He was classified as critical, but now I believe he's going to be stable and he's going to pull through, make a full recovery.

Gayeski says 34 year-old Carlos Perez is in fair condition at Fletcher Allen in Burlington.

An unidentified Mexican man was killed when a blaze consumer the trailer where the farmworkers were living on Maple View dairy in Madrid.  Gayeski says the fire started accidentally.

One of the occupants was cooking on the stove and left the kitchen area.  It was an electric stove and there was a pan cooking on the stovetop.

Gayeski says an investigation continues, but so far there are no signs of any other fire hazards or substandard conditions in the trailer.

Another farmworker who survived the fire, Francisco Valente, was detained on suspicion of being in the country illegally when he was released from MassenaMemorialHospital on Wednesday.  State police say Valente is awaiting a deportation hearing in Buffalo.  U.S. Border Patrol spokesman Mark Henry wouldn't confirm or deny whether his agency is continuing an investigation into the fire or the working status of the men.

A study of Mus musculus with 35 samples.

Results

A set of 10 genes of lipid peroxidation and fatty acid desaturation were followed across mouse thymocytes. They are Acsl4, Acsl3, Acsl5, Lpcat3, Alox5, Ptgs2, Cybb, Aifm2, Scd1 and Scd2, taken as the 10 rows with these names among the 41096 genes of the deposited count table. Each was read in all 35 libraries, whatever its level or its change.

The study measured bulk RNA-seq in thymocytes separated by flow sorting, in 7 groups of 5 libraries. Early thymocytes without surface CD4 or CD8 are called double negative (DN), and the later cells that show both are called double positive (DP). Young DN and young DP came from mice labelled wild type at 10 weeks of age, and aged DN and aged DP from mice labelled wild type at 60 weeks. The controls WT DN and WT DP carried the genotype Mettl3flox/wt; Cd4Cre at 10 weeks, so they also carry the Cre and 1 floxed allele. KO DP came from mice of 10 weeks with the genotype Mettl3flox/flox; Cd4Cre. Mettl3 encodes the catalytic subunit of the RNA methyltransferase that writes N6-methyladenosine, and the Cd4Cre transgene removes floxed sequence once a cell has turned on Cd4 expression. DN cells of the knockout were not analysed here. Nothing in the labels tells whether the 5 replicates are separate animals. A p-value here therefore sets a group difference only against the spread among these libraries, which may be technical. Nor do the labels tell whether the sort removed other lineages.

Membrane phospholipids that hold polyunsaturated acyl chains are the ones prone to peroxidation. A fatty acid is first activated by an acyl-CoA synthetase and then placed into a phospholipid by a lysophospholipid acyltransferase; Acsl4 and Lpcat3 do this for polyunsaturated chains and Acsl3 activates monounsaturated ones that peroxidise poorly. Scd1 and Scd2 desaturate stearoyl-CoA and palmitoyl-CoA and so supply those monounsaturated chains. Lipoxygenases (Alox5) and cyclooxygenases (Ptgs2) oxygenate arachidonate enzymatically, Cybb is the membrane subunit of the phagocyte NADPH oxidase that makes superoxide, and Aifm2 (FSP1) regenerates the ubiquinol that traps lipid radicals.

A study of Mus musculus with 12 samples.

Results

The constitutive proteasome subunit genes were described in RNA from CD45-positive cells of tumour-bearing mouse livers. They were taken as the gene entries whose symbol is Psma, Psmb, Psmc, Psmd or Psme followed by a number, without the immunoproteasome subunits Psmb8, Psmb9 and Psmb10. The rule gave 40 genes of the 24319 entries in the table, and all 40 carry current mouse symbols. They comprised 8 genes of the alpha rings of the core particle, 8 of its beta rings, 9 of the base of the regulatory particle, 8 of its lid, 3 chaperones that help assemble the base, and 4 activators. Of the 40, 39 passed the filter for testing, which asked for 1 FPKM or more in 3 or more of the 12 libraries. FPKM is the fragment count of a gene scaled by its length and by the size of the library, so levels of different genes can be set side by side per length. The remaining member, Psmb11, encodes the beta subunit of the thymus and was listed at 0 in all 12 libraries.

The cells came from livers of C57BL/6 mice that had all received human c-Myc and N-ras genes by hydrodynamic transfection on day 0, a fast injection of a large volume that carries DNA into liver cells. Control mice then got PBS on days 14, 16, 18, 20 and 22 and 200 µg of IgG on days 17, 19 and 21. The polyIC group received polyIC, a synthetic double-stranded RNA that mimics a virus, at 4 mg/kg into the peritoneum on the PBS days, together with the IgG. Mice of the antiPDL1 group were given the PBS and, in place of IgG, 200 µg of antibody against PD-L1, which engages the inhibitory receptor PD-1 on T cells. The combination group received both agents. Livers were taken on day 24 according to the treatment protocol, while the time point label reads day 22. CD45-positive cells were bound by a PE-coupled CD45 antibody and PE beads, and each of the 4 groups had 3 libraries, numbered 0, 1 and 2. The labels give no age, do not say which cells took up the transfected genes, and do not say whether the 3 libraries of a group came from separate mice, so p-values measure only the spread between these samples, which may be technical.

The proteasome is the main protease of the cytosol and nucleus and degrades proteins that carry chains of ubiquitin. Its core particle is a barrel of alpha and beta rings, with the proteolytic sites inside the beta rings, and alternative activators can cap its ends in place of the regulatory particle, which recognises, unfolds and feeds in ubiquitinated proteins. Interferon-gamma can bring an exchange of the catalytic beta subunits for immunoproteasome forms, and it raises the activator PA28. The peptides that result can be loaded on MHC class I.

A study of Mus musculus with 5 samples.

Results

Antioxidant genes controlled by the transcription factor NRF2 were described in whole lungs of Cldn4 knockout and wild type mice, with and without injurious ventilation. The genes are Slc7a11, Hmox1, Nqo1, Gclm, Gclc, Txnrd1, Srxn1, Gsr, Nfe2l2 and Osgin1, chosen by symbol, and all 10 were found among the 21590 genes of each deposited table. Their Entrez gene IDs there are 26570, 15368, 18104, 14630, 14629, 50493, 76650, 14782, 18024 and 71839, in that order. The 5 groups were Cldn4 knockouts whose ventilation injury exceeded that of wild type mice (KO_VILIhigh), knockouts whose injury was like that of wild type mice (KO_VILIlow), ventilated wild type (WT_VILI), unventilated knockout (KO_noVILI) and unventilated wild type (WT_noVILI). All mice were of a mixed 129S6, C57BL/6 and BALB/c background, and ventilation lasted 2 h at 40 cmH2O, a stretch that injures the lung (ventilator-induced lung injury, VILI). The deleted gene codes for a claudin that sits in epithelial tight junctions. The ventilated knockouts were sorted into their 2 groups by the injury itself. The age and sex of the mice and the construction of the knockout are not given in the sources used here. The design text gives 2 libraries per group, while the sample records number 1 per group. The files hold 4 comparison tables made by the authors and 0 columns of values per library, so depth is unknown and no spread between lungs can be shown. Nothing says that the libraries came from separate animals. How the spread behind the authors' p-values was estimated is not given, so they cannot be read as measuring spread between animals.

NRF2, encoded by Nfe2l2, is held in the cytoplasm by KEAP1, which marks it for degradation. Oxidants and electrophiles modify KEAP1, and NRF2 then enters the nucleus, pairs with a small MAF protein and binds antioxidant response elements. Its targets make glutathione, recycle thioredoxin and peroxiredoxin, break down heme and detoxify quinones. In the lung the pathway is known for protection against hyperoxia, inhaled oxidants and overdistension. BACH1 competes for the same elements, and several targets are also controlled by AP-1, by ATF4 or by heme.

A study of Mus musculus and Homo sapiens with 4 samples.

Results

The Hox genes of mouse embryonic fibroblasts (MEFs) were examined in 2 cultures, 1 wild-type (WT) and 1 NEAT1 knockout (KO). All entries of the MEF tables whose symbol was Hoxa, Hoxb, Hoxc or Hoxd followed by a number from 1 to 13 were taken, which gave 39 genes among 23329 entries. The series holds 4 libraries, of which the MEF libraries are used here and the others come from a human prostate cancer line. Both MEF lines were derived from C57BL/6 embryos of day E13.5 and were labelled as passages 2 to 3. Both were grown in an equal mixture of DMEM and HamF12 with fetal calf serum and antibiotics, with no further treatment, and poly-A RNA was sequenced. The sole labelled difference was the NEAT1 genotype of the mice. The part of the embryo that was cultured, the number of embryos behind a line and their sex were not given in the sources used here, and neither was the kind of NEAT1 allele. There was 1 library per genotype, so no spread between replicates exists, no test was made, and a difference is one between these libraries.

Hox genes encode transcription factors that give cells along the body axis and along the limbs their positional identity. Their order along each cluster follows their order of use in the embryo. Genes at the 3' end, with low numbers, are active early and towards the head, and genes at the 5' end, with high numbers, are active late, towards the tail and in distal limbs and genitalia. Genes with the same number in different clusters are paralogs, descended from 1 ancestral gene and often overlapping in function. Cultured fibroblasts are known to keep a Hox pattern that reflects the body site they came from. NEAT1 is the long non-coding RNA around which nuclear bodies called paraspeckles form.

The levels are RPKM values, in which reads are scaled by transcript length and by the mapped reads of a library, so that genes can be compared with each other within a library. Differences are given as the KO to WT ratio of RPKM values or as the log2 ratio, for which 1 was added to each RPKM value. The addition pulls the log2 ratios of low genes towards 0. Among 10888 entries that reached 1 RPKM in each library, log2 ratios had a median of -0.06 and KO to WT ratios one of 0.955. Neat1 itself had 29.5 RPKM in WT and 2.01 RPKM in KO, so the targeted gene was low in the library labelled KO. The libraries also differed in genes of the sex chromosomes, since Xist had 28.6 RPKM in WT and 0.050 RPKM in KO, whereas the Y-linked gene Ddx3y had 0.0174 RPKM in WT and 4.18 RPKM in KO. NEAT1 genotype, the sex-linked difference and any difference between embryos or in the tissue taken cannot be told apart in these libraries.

Maple View dairy is one of St. Lawrence County's largest, with more than 1000 cows.  It's owned by well-known farmer David Fisher, who serves on the county's Ag and Farmland protection Board.  Calls to the farm were not returned.

It's well known that hundreds of Mexicans and Central Americans work on North Country dairy farms.  They most often live in mobile homes on the farms and rarely leave the farm premises.  Most are in this country illegally.

For North Country Public Radio, I'm David Sommerstein.